You often want to find organizations that have certain characteristics—doing a type of work, in a given location, with a certain office size. This section gets you started.
Why Students Should Use the NALP Directory (video from NALP)
The NALP Directory of Legal Employers contains detailed information about more than 1,000 legal employers. It is strongest for private firms in major cities.
(There are search options for government and public interest, but you are referred to NALP's PSJD.org site. There's also a search option for Corporate, but it has only a couple of listings.)
You can search by employer name, type of employer, location, office size, practice area, and more.
You can compare firms on various measures—e.g., diversity, pro bono hours, or number of summer associates hired.
The Am Law 100 (compiled by The American Lawyer and reported in partner publications like The National Law Journal) lists the biggest firms by revenue, number of lawyers, profits per partner, and so on. You'll regularly see firms like DLA Piper Verein ($2.6 billion in revenue in 2017), Cleary Gottlieb ($1.2 billion in revenue in 2017), and Paul, Weiss ($1.3 billion).
The American Lawyer's website has a paywall, but American Lawyer is on Lexis. Search for am law 100 in the headline and you'll get lots of stories. It used to be that tables weren't included in Lexis, but now they are. The Am Law 100 at a Glance, Am. Law. (May 1, 2018) on Lexis not only displays a table but offers the option of downloading it as an Excel spreadsheet.
The National Law Journal surveys big firms each year, creating The NLJ 500. In addition to the main list, NLJ offers articles analyzing the data (e.g., commenting on growth or the status of women in NLJ firms).
(UW Law has a site license to the National Law Journal. If you follow links to NLJ's sister publications, you'll often encounter paywalls—but there's lots of content within NLJ!)
The very biggest firms are easy to find, for instance, in the Am Law 100.
Job hunters sometimes find it harder to find the firms in smaller ranges: e.g., under 50 lawyers or under 10 laywers. This section tells you how.
Tip: If want a career in solo or small practices, look into student memberships in the King County Bar Association Solo/Small Firms Section and the Washington State Bar Association Solo & Small Practice Section. Note that you can search the WSBA Directory by section membership, including the Solo & Small Practice Section.
The NALP Directory lets you search by
Keep in mind, the NALP Directory only includes employers who have submitted data to NALP. Larger, national firms are more likely than smaller ones to submit this data, which can cause the Directory to skew towards larger organizations. However, office size and employer size can be dramatically different. For example, K&L Gates's employer size is 700+, but the Austin office has only 11 lawyers.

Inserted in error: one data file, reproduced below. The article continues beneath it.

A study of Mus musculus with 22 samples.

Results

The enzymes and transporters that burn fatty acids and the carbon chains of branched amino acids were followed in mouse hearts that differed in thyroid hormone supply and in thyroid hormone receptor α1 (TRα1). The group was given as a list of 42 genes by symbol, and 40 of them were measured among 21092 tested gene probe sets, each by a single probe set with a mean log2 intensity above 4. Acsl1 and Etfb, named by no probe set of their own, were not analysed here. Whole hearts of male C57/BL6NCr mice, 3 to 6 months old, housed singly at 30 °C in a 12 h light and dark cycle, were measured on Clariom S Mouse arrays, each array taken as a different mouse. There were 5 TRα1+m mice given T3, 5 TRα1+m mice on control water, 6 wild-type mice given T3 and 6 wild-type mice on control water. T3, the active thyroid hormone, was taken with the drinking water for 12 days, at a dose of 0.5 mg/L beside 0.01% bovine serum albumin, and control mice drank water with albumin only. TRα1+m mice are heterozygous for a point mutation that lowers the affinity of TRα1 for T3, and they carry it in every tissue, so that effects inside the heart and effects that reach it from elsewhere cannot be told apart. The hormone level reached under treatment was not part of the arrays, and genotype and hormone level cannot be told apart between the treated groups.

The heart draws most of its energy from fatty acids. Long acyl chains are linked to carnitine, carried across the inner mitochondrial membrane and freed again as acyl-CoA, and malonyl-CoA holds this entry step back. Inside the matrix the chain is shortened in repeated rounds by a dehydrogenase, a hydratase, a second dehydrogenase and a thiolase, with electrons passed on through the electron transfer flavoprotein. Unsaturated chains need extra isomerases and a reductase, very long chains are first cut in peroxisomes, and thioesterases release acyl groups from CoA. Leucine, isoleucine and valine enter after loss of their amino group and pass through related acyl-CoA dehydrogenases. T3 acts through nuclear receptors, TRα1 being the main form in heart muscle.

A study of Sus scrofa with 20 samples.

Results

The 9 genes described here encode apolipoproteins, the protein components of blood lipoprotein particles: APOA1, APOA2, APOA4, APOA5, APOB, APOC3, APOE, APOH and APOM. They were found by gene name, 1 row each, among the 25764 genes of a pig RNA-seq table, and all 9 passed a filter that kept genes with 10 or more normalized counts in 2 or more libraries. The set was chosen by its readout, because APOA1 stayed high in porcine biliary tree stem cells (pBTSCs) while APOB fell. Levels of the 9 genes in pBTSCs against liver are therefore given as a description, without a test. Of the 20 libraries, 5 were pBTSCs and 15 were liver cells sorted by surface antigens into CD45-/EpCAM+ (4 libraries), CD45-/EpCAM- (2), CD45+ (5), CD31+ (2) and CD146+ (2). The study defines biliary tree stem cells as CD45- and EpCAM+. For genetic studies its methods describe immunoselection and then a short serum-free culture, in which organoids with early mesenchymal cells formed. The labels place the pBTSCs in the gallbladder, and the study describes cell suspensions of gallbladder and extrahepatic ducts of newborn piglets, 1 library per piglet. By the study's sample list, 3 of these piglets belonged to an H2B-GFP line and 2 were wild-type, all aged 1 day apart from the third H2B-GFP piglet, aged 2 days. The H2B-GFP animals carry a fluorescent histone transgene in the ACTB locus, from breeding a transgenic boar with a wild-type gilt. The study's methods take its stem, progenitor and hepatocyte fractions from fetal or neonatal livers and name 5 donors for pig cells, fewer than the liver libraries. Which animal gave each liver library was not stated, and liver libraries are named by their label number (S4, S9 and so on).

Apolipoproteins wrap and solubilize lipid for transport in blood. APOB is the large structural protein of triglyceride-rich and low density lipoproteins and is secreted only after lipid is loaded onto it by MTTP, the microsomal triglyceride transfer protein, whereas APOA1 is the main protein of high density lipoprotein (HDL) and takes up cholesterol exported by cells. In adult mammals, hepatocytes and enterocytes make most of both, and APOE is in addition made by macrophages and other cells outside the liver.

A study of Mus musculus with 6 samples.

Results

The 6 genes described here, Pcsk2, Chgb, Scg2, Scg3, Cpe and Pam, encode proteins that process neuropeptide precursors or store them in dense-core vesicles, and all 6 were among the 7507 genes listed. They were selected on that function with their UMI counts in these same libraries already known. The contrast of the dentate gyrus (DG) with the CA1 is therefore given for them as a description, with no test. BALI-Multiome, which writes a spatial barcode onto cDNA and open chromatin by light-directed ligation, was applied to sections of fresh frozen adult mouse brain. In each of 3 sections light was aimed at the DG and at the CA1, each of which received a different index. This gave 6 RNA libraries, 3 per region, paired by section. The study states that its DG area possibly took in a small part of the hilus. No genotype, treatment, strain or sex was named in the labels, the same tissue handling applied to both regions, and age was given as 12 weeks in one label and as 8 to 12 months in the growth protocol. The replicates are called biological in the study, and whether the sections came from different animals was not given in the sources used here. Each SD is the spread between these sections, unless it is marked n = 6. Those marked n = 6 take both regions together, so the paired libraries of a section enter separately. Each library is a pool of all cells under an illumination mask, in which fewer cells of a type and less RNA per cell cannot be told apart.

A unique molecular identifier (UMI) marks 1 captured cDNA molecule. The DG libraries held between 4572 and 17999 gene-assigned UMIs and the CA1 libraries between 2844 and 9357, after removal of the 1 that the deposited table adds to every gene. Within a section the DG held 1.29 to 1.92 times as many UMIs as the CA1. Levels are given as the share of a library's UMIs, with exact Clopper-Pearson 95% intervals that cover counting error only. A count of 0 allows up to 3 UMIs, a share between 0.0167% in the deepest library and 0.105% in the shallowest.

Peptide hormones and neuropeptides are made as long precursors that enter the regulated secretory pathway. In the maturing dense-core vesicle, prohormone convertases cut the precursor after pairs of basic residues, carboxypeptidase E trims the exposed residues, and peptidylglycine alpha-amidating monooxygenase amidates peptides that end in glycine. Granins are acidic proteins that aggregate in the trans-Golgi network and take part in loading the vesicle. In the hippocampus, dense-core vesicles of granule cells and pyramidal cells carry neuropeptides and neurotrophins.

In Martindale.com, run your search from the homepage (e.g., Spokane personal injury). Select Categories: Law Firms from the options in the upper left of the results page. You will then be able to filter by firm size. For example, you could skip the 104 solo lawyers and the 43 firms with 2-9 lawyers and just look at the 10 with 10-49 lawyers.
In West Legal Directory, run a search (e.g., looking for city = tulsa), then filter by Firm Size or Office Size. (A large firm might have several offices of different sizes.)
If you like advanced searching, you can include the size in your search with the RANGE field restrictor:
The possible ranges are 1, 2-10, 11-25, 26-50, 51-100, 101-250, 251-500, and 501+
Office Size Range: 26-100
Practice Areas: Banking/Finance and Business/Corporate
This search generated 9 results. Check the ones you'd like to compare—e.g., Gordon Thomas Honeywell LLP, Miller Nash Graham & Dunn LLP, and Schwabe, Williamson & Wyatt. Then click Compare.
The next screen will show you various options: Demographics (number of partners, associates, other lawyers, and summer associates), Diversity (attorney gender, race, etc.), Attorney Hiring Information, and so on. After you choose an option, you get a report comparing the firms. For example, choosing the option for number of offers made for 2017, we find that Gordon Thomas considered 0 2Ls and made 0 offers, Miller Nash considered 3 and made 3 offers, and Schwabe considered 2 and made 2 offers.
Business Law, Commercial Law
Firm size: 10-25, 25-49
Result: 117 firms
Select firms to compare by clicking in the "Add to Compare" box (maximum 3 at a time). Click Compare. You get a chart showing each firm's founding year, office location, practice areas, and so on. Note that you need to click again (on the downward pointing angle, ˅) to get details.
PSJD is a terrific resource for all aspects of the public-service job hunt, from learning about types of practice to finding tips to researching potential employers to seeing job ads. Registration is free if you attend or graduated from one of the sponsoring law schools—basically, any US law school.
(Employers can also create profiles.)
To find public interest groups, choose Search Jobs & Employers, then click on Advanced Search. Choose Employer Profiles (later you can search Job Postings). You can search by Location (e.g., WA or Yakima or 98101), Employer Name, Employer Type, Practice Area.
For each organization, you'll find a brief profile (with contact information) and a link to the organization's website.